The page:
On May 14, 2020, in a unanimous opinion authored by Justice Sotomayor, the US Supreme Court overturned the “defense preclusion” doctrine proposed by the Second Circuit, upholding the requirement that preclusion of a defense under res judicata meet, at a minimum, the strictures of issue preclusion or claim preclusion. The trademark owner argued for a preclusion theory that required little more than identity of parties between the two actions. This decision affirms traditional res judicata standards, holding that failure to raise a defense in a first suit does not preclude the ability to raise the same defense in a subsequent suit if the claim to relief is different. Trademark owners have a unique interest in preclusion, as conflicts with owners of similar marks do recur, while marketplace realities change from year to year, and unique infringements of the same trademark can arise. Thus, where a subsequent trademark infringement suit is permitted to proceed, all defenses that were previously available likely can be asserted again, regardless of whether they were raised in the preceding suit.
Background on Lucky Brand Dungarees, Inc. v. Marcel Fashions Group, Inc.
Marcel Fashions Group, Inc. (Marcel) owns a registered trademark for the phrase GET LUCKY®, while Lucky Brand Dungarees, Inc. (Lucky Brand) owns numerous registered trademarks including the word “lucky,” such as the eponymous LUCKY BRAND® trademark. After a first infringement lawsuit in 2003, Marcel and Lucky Brand entered into a settlement agreement (Agreement) where Lucky Brand agreed to cease use of the phrase “Get Lucky” and Marcel released claims against Lucky Brand for use of its own “LUCKY” trademarks.
In a second infringement lawsuit in 2005, Marcel successfully enjoined Lucky Brand from continued use of the phrase “Get Lucky.” In a third infringement lawsuit in 2011, Marcel argued that Lucky Brand’s use of its own “lucky” trademarks infringed on Marcel’s GET LUCKY trademark, and Lucky Brand argued that Marcel released this claim in the 2003 Agreement. The Second Circuit held that Lucky Brand was precluded from raising this defense for failure to raise it in the 2005 lawsuit, thereby creating a “defense preclusion” doctrine that was previously unrecognized.
The Supreme Court granted certiorari to resolve a circuit split on the issue of “defense preclusion.”
Supreme Court: No Standalone “Defense Preclusion” Doctrine; Res Judicata Still Applies
The Supreme Court vacated the Second Circuit’s decision and held that “defense preclusion” must, at a minimum, satisfy the strictures of issue preclusion or claim preclusion. Thus, when a specific issue has not yet been litigated, a defense can be barred only if the causes of action are the same in the two suits, i.e., where they share a common nucleus of operative facts. Because the 2005 and 2011 suits focused on different conduct, that involved different marks, and that occurred at different times—the 2005 suit focused on use of “get lucky,” whereas the 2011 suit did not involve any alleged use of the “get lucky” phrase—the Court held issue preclusion did not apply to Lucky Brand’s defense that the Parties’ 2003 Agreement barred Marcel’s 2011 claim. Since Marcel’s 2011 suit was not barred under claim preclusion by the 2005 action, so too was Lucky Brand’s 2011 defense not barred by the 2005 action.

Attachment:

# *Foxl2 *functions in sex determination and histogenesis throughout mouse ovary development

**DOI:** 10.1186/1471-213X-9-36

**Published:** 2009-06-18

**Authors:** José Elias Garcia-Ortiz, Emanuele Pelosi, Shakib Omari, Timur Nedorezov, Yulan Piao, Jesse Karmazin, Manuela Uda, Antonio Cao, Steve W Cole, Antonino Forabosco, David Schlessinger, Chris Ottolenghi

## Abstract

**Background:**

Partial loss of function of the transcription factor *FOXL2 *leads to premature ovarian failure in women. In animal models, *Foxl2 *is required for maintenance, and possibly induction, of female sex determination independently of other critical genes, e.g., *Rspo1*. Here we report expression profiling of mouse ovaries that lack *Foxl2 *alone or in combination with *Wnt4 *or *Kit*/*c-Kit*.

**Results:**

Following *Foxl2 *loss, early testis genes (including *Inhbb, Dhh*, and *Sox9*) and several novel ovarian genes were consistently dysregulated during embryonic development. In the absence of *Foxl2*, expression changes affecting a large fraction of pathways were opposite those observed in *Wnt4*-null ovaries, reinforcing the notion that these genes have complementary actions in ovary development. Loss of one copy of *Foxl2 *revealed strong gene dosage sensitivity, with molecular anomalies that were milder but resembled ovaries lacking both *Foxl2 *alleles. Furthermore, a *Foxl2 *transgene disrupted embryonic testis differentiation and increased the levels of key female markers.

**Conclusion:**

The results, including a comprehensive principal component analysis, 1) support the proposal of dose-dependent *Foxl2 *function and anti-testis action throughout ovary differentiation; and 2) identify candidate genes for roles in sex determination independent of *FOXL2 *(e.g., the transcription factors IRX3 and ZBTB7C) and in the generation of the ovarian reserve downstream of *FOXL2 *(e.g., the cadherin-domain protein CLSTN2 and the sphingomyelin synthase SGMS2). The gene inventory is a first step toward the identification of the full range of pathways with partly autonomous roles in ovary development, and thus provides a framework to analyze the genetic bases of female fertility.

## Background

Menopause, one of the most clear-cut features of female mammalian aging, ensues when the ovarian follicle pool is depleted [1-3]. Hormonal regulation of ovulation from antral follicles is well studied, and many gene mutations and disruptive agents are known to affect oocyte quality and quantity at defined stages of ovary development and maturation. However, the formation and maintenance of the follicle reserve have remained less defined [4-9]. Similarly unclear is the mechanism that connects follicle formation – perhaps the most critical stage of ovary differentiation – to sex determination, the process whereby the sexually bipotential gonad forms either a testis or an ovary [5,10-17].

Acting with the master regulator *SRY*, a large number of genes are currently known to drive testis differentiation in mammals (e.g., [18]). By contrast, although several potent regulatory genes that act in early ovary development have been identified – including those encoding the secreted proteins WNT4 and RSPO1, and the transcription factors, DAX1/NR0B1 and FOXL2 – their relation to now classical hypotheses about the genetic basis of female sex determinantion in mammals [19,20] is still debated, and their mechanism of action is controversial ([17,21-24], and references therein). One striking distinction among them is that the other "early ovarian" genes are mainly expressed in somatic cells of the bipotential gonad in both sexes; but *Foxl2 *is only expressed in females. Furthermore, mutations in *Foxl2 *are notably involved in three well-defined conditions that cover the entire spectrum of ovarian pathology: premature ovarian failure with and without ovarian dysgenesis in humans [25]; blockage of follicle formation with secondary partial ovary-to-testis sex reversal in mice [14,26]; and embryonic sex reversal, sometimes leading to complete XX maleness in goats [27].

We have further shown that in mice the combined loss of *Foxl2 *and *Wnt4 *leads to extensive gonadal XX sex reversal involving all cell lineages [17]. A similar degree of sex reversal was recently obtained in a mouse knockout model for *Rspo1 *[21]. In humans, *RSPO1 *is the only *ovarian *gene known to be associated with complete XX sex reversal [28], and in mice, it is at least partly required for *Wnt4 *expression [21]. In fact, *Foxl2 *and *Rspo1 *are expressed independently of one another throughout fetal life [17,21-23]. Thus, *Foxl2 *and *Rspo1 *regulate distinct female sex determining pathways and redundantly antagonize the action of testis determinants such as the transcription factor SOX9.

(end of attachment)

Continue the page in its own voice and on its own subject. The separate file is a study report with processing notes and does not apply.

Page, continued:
The Court further explained in a footnote that courts often assume that the defendant may raise defenses in the second action that were not raised in the first, even though they were equally available and relevant, because various considerations other than actual merits, e.g., monetary concerns and/or availability of evidence, may govern.
Potential Impact of the Court’s Decision
In large part, the doctrine of res judicata remains unchanged and supersedes the Second Circuit’s novel approach to “defense preclusion.”
Litigants in a trademark suit would be well advised to raise, and vigorously pursue, all available defenses. Even though “the enforceability of a mark and likelihood of confusion between marks often turns on extrinsic facts that change over time” and “marketplace realities can change dramatically from year to year,” it would be imprudent for mark-holder and alleged infringers to rely on this decision as guarantee that all prior possible defense could be raised by a repeat infringer in a second suit involving the same mark. It is possible that a court would reject a subsequent defense if raised by a repeat-infringer, even if the defense was available in the preceding suit, when the trademark is infringed in the same manner as in the preceding suit, albeit at a different point in time.